WASHINGTON--The endorsement delivered last week by Federal Reserve Board Chairman Alan Greenspan makes it a virtual certainty that Congress will pass a major tax cut this year. Tax-cutting was a centerpiece of President Bush's campaign and Democrats accept the concept, while disputing many of the specifics.
The serious debate now centers on how large the tax cut can be without jeopardizing other claims on the growing budget surplus. Bush has expensive military and domestic policy initiatives on his agenda, and there is bipartisan agreement on paying down the national debt in order to assure that funds are available to meet the costs of Social Security and Medicare when the baby boomers retire.
An innovative suggestion for reconciling tax cuts with these other objectives has been circulating on Capitol Hill, but so far has not become part of the public debate. The idea is to institute a "surplus rebate" program as an alternative to a standard tax cut.
It comes from two former Republican congressional staffers, Steve Hofman and Ed Kutler, both now working as consultants in the private sector. They suggest that instead of cutting taxes now, and just hoping that the budgetary impact will not jeopardize the other goals, a portion of each year's actual budget surplus be promptly returned to taxpayers as a rebate.
In the example they use in their memo, they suggest that one-quarter of the surplus from the fiscal year ending Sept. 30 be divided among the head of household taxpayers, with rebate checks going into the mail two weeks before Christmas.
The fiscal 2000 surplus was roughly $237 billion. Dividing a quarter of that surplus, about $59 billion, among the roughly 60 million head of household taxpayers would produce rebates averaging almost $1,000.
Admittedly, this is not long-term or comprehensive tax reform. It does not address any of the inequities or loopholes in the internal revenue code. It does not take account of the possible need for counter-cyclical tax cuts in a prolonged economic downturn, when budget surpluses would shrink or disappear.
But it is well-adapted to the current situation, where surpluses exist and are likely to increase, but where current and foreseeable needs place other demands on those resources.
The main advantage of this plan is that it relies on actual surpluses, not guesses of future surpluses, which, as Greenspan cautioned, often have been far off the mark. It guarantees that the bulk of those surpluses will be reserved for current and future national needs, including debt reduction. Allocating one-fourth of the surplus to tax reductions is very much in line with Bush's own proposal--but his plan relies on those shaky future projections.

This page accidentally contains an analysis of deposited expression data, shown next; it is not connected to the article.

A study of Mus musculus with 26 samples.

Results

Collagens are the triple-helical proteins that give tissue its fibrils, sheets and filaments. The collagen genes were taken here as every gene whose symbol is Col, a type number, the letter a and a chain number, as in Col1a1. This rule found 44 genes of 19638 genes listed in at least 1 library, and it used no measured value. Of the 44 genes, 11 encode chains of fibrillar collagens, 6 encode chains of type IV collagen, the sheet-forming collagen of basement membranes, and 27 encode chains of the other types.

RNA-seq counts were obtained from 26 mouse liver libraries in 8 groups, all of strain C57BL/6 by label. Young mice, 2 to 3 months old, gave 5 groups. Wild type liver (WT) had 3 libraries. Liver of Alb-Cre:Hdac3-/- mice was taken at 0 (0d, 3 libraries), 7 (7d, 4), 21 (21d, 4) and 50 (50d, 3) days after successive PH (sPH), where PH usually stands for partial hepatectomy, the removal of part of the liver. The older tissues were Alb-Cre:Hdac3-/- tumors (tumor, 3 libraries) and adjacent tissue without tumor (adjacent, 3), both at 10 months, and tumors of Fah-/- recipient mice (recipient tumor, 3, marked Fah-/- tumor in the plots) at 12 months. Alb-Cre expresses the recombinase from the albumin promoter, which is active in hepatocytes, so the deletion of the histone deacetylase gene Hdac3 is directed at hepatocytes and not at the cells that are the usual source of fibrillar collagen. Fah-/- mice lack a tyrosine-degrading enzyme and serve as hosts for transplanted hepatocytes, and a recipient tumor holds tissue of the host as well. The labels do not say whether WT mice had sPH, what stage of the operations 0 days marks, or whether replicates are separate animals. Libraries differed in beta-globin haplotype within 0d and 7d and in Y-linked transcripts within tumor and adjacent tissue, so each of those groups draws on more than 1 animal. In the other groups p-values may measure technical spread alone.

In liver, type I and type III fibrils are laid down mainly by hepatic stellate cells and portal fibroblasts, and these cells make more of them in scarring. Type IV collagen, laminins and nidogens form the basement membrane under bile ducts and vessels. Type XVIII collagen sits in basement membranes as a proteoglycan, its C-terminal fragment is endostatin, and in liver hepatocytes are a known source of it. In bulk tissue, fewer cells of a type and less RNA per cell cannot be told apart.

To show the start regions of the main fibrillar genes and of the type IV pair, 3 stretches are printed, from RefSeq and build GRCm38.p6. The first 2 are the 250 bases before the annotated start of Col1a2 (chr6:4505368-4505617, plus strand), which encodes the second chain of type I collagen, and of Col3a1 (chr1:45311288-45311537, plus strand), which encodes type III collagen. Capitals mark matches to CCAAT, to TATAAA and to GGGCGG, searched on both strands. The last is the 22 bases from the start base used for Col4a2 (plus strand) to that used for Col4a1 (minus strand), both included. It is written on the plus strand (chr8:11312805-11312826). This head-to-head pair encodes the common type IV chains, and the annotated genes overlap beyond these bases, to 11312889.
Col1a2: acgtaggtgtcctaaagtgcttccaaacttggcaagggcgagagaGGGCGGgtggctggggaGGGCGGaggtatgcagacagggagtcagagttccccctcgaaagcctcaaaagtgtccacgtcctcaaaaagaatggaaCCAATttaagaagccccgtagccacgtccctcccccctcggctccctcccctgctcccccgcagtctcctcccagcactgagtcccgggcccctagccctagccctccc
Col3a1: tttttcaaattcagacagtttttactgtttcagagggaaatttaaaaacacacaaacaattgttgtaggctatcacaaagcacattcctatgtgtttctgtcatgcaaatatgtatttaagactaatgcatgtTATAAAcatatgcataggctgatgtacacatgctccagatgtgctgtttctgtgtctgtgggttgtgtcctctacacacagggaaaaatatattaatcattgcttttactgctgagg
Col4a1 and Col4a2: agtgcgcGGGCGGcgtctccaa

This plan also creates a broad and strong constituency for economy in government. Any new spending proposal would encounter the argument that it would reduce the rebate kitty by that amount and cost the average American family a specific number of dollars.
Yet another advantage is that deciding how to divide the tax rebate would force Congress and the administration to confront the distributional effects of tax policy in clearly understandable ways. In their memo, Hofman and Kutler suggest a simple formula. Taxpayers would be grouped into four quadrants, depending on the size of their previous year's tax bills. Those in the middle quadrants would get a dollar amount that is slightly more or slightly less than the average rebate. Payments to the top quadrant would be highest, but would be capped at double the average amount. People in the bottom quadrant would get least, but would be guaranteed at least half the average payout.
That would give more dollars to those most heavily taxed, but the highest percentage reduction to those at the bottom of the income ladder, and would assure that most of the money went to middle-class taxpayers.
That is only one of many possible formulas, but the debate on dividing the surplus rebate would be a valuable test of party philosophies, with compromise the likely outcome. Neither party would want to accept political blame for blocking the rebate plan from taking effect.
Finally, Hofman and Kutler note that if people believe that short-term stimulus is needed this year to avoid a recession, passing a rebate plan this spring and keying the first-year distribution to the surplus posted in fiscal 2000 would enable the first checks to be mailed this fall--a quicker shot in the arm than is likely by any other means.
I am no tax expert and there may be flaws in this scheme of which I am unaware. But it could be a way of achieving the major objectives of both parties.